Being injured on the job can be a frightening thing for both your immediate health and your financial future. Many job site dangers have the potential to ruin your ability to earn for life, which may require you to move beyond workers' comp. As you assess your damages and financial situation, consider a few factors that could change the way you view your workers' comp claim and moving forward with injury claims.
How Will You Return To Work?
Workers' compensation covers medical bills and lost wages for eligible injuries on the job. You typically need to be disabled to the point of being unable to work for a partial wage compensation, but you need to think beyond basic recovery.
Even if you're able to move on your own and return to work, you'll need to evaluate whether your working ability is the same. Are you working at the same capacity as before? Are pains, clouded thought, physical stiffness or emotional distraction caused by the injury stopping you from working as well as you can? These questions need to be understood deeply before signing any responsibility-releasing paperwork.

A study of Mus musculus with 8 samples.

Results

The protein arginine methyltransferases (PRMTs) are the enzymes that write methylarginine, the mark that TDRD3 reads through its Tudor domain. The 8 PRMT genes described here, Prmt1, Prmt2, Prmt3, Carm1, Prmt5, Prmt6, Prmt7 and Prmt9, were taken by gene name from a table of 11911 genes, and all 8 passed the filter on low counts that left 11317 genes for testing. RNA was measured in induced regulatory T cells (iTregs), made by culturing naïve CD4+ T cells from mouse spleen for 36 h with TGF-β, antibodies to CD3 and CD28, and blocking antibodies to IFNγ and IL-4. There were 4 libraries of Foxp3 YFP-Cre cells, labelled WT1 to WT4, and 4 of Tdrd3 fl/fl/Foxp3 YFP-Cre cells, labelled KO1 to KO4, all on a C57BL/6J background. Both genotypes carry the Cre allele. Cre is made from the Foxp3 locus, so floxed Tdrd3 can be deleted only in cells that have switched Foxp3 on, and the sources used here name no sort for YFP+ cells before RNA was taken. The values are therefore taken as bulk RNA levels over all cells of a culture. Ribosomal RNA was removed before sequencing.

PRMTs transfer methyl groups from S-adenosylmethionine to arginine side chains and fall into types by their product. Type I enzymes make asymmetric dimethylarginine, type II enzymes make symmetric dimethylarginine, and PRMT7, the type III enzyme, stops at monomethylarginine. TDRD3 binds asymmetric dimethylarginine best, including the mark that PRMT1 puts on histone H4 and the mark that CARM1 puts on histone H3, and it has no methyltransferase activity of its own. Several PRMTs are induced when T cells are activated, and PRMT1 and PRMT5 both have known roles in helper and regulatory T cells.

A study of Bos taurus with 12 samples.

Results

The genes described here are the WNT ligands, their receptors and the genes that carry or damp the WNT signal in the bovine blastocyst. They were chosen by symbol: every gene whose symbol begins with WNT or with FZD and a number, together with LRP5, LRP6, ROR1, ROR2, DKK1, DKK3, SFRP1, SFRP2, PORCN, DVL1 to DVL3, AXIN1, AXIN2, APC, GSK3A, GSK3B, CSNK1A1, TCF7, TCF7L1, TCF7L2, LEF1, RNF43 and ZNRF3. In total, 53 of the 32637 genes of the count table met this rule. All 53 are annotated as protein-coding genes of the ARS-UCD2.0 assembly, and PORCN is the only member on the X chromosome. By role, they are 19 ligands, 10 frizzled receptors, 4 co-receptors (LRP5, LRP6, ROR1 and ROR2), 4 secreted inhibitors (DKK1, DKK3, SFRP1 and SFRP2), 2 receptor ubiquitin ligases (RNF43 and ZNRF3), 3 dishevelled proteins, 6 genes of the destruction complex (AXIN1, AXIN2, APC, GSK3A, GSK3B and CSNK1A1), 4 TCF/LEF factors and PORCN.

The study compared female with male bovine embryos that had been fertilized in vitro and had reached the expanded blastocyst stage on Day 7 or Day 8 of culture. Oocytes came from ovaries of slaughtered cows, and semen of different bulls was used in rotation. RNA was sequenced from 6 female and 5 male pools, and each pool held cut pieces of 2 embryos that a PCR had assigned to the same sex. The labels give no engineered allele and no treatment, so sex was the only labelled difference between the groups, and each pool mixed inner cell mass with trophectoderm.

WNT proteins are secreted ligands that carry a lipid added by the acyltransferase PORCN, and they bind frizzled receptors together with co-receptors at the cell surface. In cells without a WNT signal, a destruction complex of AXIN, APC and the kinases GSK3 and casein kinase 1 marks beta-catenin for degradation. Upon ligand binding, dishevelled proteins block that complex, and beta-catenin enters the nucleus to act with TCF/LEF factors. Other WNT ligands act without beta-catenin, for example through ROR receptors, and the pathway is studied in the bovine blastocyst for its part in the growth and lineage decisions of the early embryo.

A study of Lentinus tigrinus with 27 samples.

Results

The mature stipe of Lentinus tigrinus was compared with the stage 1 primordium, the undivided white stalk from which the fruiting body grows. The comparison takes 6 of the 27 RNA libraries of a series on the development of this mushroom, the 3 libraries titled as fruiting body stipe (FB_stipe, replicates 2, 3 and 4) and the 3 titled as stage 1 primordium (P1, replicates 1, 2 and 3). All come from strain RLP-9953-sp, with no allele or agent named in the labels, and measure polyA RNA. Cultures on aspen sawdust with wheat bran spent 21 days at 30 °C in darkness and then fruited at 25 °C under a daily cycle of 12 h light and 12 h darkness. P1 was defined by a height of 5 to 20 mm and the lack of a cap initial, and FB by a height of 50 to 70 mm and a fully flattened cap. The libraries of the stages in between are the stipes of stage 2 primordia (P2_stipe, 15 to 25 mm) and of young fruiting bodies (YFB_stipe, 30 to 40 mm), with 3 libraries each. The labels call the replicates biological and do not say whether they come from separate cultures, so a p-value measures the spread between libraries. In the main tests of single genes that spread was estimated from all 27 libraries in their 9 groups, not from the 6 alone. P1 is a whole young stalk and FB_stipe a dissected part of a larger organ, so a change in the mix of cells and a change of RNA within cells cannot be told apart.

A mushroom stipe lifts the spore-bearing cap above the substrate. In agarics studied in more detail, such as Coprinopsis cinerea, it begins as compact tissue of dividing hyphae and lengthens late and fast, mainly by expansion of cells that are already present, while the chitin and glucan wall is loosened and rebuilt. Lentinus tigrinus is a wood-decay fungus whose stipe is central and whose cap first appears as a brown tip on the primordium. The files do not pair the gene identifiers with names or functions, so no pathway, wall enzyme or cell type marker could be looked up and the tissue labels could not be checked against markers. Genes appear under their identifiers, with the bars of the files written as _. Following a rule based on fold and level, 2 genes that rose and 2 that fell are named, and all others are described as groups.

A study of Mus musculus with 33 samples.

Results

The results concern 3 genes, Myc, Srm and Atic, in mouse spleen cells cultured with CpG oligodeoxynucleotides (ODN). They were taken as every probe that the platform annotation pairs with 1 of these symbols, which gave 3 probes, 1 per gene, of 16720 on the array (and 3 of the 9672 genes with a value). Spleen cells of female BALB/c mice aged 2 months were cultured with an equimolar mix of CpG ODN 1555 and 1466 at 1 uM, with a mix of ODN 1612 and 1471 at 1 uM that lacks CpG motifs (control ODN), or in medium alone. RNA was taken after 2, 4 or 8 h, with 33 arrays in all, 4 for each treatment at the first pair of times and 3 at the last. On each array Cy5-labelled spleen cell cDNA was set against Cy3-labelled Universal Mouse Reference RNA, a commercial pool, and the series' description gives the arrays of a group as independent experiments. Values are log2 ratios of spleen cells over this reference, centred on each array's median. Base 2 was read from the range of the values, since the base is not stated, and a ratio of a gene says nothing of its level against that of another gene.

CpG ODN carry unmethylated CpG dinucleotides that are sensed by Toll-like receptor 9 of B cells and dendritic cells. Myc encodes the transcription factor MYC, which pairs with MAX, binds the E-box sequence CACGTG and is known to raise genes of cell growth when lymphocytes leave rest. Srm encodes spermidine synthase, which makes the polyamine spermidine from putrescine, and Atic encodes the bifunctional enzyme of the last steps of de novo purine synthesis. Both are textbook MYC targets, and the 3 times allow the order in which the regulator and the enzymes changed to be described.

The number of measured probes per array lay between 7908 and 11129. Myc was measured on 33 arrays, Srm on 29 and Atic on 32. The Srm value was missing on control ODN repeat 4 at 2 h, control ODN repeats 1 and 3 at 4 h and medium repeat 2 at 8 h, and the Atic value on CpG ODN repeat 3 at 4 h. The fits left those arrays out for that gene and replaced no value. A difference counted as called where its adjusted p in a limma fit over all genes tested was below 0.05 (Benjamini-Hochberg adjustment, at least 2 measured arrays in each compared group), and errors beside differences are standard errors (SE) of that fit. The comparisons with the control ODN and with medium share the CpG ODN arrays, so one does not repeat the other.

Workers' compensation does assist the injured worker with rehabilitation, but the longer you wait to assess the bigger damages on your life, the harder it will be to pursue other methods of compensation. If you believe you're owed more compensation from your company or an individual responsible for the damages, you may want to pursue a personal injury claim or other legal action.
Do You Need More Than Basic Rehabilitation?
The rehabilitation benefits offered by workers' compensation can help you retrain for your old job with injuries in mind or train for a new job, but the benefits aren't guaranteed. You may run into funding issues with the compensation system or a disagreement in injury severity.
If you're unable to return to work and doubt your ability to compete as the years go by because of your injuries, you may want to talk to a team of workers' comp lawyers about escalating your claim to a personal injury negotiation. Especially in cases where injuries are caused by company neglect or another worker's improper actions, it may be better to demand some compensation at a personal level.
From there, you can demand benefits such as targeted job training for different industries or even a specific company. If you want to raise your opportunities without going into debt, negotiate for a college education. Even if you have a degree already, studying in a different field can open up another level of acceptable and impressive pay.
You can work out terms such as school quality or even how to reduce costs of your legal opponent by suggesting the hiring of scholarship and grant professionals to find the education opportunities for you. Such offers can be a lower bill to your company, as a grant writer's fees are generally lower than the full cost of school in many places.
Contact a team of workers' comp lawyers at http://www.nccompspecialist.com/ to begin planning your next phase after injury.